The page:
Divorce in American households is a common occurrence, with the country leading instances of dissolved marriages during the past several decades. This trend has an especially serious impact on children, and World Psychiatry notes that about 40% of children in the U.S. live in families with single parents due to divorce.
While divorce can affect any child, adolescents may especially feel the impact due to their awareness of the situation and suffer a greater emotional toll than younger children, which may result in behaviors different than those of toddlers or pre-adolescents.
A change in academic work
Divorce matters such as custody decisions and one parent leaving the household can seriously affect an adolescent’s school performance. Poor grades, failed tests and inattention may all occur as the teen focuses more on the impact of the divorce. Both parents may want to meet with a school counselor to discuss the family’s situation and to ensure their child receives support both at home and in the classroom to prevent poor performance.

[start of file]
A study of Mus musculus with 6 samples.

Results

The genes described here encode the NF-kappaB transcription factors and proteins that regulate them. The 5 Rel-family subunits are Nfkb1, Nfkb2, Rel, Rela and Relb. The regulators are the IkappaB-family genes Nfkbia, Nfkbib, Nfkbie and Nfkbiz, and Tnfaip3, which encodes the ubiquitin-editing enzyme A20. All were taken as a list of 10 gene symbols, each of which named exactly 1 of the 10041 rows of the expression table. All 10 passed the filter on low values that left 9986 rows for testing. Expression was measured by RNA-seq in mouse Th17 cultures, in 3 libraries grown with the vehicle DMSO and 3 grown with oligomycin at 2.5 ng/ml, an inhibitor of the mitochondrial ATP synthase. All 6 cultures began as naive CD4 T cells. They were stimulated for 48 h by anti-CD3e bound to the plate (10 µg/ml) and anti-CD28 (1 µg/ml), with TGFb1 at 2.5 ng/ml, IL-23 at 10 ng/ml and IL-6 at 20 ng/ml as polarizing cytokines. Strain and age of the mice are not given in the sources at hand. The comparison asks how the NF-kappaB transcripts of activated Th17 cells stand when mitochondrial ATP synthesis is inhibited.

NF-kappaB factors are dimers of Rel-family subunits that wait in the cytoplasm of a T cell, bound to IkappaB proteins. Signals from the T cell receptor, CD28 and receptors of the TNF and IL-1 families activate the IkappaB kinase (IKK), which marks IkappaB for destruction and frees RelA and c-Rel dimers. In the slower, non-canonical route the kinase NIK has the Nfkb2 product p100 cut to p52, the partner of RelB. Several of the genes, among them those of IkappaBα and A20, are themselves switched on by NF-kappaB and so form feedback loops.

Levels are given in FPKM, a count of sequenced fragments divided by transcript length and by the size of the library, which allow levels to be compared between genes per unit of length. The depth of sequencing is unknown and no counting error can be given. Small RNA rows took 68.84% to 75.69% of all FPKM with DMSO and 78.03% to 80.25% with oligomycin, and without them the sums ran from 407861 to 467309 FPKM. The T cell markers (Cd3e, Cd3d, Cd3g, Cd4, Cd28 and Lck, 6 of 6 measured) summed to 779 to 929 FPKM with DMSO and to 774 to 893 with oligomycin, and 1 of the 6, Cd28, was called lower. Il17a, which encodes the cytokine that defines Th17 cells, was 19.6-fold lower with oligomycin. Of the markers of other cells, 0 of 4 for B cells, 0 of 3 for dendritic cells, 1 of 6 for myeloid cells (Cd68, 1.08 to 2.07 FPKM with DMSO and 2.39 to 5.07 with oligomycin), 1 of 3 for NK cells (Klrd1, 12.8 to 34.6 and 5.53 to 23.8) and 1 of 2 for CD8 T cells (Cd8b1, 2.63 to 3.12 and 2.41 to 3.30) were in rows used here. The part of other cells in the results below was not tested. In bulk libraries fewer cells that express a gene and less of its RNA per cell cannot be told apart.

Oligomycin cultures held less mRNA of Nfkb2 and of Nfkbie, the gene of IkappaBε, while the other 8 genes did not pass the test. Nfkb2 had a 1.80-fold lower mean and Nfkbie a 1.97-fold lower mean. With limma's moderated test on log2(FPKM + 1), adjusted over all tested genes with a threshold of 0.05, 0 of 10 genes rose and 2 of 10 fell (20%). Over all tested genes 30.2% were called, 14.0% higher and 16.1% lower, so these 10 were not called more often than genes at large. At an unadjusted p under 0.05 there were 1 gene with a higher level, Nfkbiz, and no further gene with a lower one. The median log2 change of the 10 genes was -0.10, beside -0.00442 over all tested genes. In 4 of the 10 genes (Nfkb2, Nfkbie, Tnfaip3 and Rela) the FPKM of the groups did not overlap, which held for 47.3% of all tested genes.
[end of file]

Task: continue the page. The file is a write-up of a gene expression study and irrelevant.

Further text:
The pain divorce causes may trigger new or worsening drug use in adolescents as they attempt to cope with the changes happening in their homes. Controlled substances may offer them a means of temporary escape or reduce the anxiety they feel about the divorce or even about important upcoming events, such as high school graduation. Parents can prevent drug use by talking to their teens regularly about divorce-related issues that concern them directly and avoiding relying on them for all of their emotional support, something that is usually too difficult for a young mind to handle.
Teens dealing with their parents’ divorce may also develop feelings of depression and anxiety While some adjust with more ease, counseling and reassurance from the parents may help ease the transition.